The Northern Ireland Secretary has said that the action taken by Boeing in a trade dispute with Bombardier is “unjustified and unwarranted”.
James Brokenshire was speaking at the Conservative Party Conference in Manchester.
Jobs in Belfast could be at risk after the US opted to impose a 220% import tariff on Bombardier’s C-Series jet.
Mr Brokenshire said he was “deeply disappointed” by the determination.
He added: “I say to Boeing this case is unjustified and unwarranted. This action is not what is expected of a long-term partner to the UK.”
He urged Boeing to “get round the table and secure a negotiated outcome to this dispute quickly”.
Bombardier employs about 4,000 people in Northern Ireland. About 1,000 are linked to the C-Series, the wings of which are made at a purpose-built factory in Belfast.
Mr Brokenshire also used his keynote address to appeal to Stormont parties to find agreement and re-establish devolved government.
Northern Ireland’s main parties have been unable to make a deal since power-sharing collapsed in January.
Earlier on Sunday, speaking to BBC’s Sunday Politics Show, Mr Brokenshire said he would legislate for a Northern Ireland budget if an executive is not formed in October.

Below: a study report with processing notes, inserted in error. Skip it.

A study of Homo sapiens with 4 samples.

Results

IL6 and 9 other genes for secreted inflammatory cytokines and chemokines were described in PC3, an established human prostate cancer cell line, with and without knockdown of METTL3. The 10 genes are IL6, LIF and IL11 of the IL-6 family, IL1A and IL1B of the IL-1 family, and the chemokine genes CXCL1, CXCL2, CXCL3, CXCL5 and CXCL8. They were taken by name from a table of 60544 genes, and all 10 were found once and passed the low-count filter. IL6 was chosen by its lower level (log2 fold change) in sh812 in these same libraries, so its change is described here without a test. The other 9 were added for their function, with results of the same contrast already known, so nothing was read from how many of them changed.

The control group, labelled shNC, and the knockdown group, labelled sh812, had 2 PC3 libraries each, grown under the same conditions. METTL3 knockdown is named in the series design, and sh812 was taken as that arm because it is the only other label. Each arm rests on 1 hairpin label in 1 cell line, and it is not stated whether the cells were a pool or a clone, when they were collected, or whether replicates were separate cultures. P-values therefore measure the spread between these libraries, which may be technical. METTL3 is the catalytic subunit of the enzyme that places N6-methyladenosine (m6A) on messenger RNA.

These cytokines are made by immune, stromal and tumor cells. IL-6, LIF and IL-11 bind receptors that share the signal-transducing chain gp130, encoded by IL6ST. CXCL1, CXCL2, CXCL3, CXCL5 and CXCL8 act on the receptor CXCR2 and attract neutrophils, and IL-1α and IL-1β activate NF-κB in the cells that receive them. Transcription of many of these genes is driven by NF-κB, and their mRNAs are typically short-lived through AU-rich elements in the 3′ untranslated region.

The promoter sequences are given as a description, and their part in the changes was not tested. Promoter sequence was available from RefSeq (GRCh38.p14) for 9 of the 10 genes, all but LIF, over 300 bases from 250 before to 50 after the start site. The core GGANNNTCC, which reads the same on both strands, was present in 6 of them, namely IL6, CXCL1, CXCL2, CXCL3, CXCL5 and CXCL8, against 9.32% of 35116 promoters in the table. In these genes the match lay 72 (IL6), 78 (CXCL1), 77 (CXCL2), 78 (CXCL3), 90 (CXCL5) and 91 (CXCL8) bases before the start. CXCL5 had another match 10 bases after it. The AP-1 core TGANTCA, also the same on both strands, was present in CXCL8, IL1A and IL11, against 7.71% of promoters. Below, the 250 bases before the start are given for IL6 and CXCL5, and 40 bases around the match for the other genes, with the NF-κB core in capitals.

At the party conference, he said that his message to parties is “now is the time to reach agreement”.
“Now is the time to look beyond the issues that divide you. Show the resolve you have demonstrated in the past.”
He warned that if a deal was not agreed he would bring legislation to Westminster.
“If the parties remain unable to find a way through we risk heading down a different path, where the UK government will need to provide the necessary political stability and governance… starting with the setting of a budget for Northern Ireland later this month.
“This isn’t what I want to see.”
DUP due at conference
James Brokenshire also made reference to his party’s arrangement at Westminster with the DUP.
After the general election last summer, the Conservative Party agreed a confidence and supply arrangement in the House of Commons in which the DUP support the Conservatives in key votes.
The Secretary of State told the hall: “We are and will remain two separate parties with our distinctive identities and values.
“On some issues, we will disagree. But as two parties we are working together at Westminster in the national interest.”
DUP leader Arlene Foster and a number of DUP MPs are expected in Manchester in the days ahead and the party will host an event at conference on Tuesday .
Sinn Féin’s Stormont leader Michelle O’Neill will also attend a breakfast event with Arlene Foster.